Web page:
Vitamin C, also known as ascorbic acid or L-ascorbic acid, is an essential nutrient involved in the repair of tissues and the enzymatic production of certain neurotransmitters. It is required for the functioning of several enzymes and immune performance, and is also an important antioxidant. This nutrient is found in many foods and is often used as a dietary supplement.

This Application Note describes the photometric determination of ascorbic acid according to the standard ISO 6557-2. To increase the objectivity on the determined equivalence point and the reproducibility of the results, an autotitrator equipped with a photometric sensor, the Optrode, is used. The titrant 2,6-Dichlorophenol-indophenol (DCIP or DPIP) simultaneously serves as titrant and indicator.

The method is demonstrated for orange and blood orange juice.

First, oxalic acid is added to the sample. Afterwards, the sample is centrifuged to remove any pulp.

907 Titrando with tiamo. Example setup for the photometric determination of vitamin C.
Figure 1. 907 Titrando with tiamo. Example setup for the photometric determination of vitamin C.

This photometric analysis is carried out on a 907 Titrando system equipped with a magnetic stirrer and an Optrode for indication purposes.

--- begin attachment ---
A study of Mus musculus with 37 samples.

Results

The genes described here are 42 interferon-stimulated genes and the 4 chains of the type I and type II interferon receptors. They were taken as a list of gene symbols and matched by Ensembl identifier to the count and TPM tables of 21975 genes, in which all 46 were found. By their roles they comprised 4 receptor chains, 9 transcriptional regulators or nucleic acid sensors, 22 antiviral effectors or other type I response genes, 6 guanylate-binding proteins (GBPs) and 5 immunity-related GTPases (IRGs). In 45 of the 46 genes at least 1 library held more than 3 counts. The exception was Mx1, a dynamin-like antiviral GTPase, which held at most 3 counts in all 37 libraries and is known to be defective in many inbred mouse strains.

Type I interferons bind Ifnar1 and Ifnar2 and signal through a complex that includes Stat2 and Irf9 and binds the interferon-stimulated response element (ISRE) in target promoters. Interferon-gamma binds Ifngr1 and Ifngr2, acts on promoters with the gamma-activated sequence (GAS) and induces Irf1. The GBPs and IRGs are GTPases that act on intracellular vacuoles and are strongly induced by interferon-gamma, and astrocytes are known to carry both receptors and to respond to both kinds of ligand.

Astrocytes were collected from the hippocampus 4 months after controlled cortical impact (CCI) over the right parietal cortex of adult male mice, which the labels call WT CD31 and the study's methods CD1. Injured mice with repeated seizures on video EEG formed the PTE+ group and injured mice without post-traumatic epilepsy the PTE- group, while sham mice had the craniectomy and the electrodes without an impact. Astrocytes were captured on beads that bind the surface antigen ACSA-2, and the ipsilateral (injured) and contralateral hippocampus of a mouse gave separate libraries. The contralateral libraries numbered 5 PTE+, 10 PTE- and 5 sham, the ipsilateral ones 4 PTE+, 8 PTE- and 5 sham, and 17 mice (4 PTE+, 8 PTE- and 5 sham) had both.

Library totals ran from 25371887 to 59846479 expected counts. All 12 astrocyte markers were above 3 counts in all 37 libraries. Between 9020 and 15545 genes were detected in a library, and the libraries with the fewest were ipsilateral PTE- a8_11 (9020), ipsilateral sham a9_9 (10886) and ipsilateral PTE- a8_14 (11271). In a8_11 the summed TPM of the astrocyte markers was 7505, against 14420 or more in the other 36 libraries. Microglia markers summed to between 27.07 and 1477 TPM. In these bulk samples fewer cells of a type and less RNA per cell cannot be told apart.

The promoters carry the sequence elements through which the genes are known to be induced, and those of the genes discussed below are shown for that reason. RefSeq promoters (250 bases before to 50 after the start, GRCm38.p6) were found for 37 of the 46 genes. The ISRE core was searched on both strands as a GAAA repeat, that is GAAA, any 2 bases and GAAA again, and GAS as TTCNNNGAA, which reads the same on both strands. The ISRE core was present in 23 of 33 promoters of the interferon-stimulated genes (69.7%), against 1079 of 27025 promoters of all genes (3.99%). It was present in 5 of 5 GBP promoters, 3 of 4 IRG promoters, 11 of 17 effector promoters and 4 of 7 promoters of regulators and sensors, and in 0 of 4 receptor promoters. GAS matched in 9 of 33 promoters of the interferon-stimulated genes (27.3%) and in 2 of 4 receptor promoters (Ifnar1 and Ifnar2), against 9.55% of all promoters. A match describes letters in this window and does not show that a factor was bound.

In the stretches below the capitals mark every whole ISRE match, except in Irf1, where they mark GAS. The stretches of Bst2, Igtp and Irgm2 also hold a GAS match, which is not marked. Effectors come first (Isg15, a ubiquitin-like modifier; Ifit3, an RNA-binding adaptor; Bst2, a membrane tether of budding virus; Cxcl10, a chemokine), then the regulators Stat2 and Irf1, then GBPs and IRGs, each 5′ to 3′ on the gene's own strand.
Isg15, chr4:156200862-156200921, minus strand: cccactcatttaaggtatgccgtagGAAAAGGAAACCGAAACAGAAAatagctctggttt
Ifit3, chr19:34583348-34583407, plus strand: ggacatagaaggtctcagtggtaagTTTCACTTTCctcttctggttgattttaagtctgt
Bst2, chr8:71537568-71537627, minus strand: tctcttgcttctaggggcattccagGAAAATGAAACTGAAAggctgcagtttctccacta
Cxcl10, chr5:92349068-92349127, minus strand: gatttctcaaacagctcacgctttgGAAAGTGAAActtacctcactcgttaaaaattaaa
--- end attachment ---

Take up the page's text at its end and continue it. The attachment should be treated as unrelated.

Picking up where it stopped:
An aliquot of the prepared sample is added to the titration beaker, followed by oxalic acid. Then, the solution is titrated using standardized 2,6-Dichlorophenol-Indophenol (DPIP) until after the first equivalence point.

The analysis demonstrates acceptable and reproducible results and well-defined titration curves. The results are summarized in Table 1. An example titration curve is displayed in Figure 2.

Table 1. Mean vitamin C content of orange juices determined by titration (n = 3).
Sample Mean / mg/L SD(rel) in %
Orange juice 363.5 1.28
Blood orange juice 570.8 1.29
Figure 2. Example titration curve of the vitamin C determination in blood orange juice.

After sample extraction and centrifugation, the vitamin C content in orange juices is easily assessed according to ISO 6557-2 by using DPIP as titrant and a photometric sensor for indication. In this manner, the salmon pink coloration of the endpoint can be reproducibly and objectively determined regardless of the operator and sample color. Furthermore, using a photometric sensor enables the use of an automated system and with that, increased sample throughput.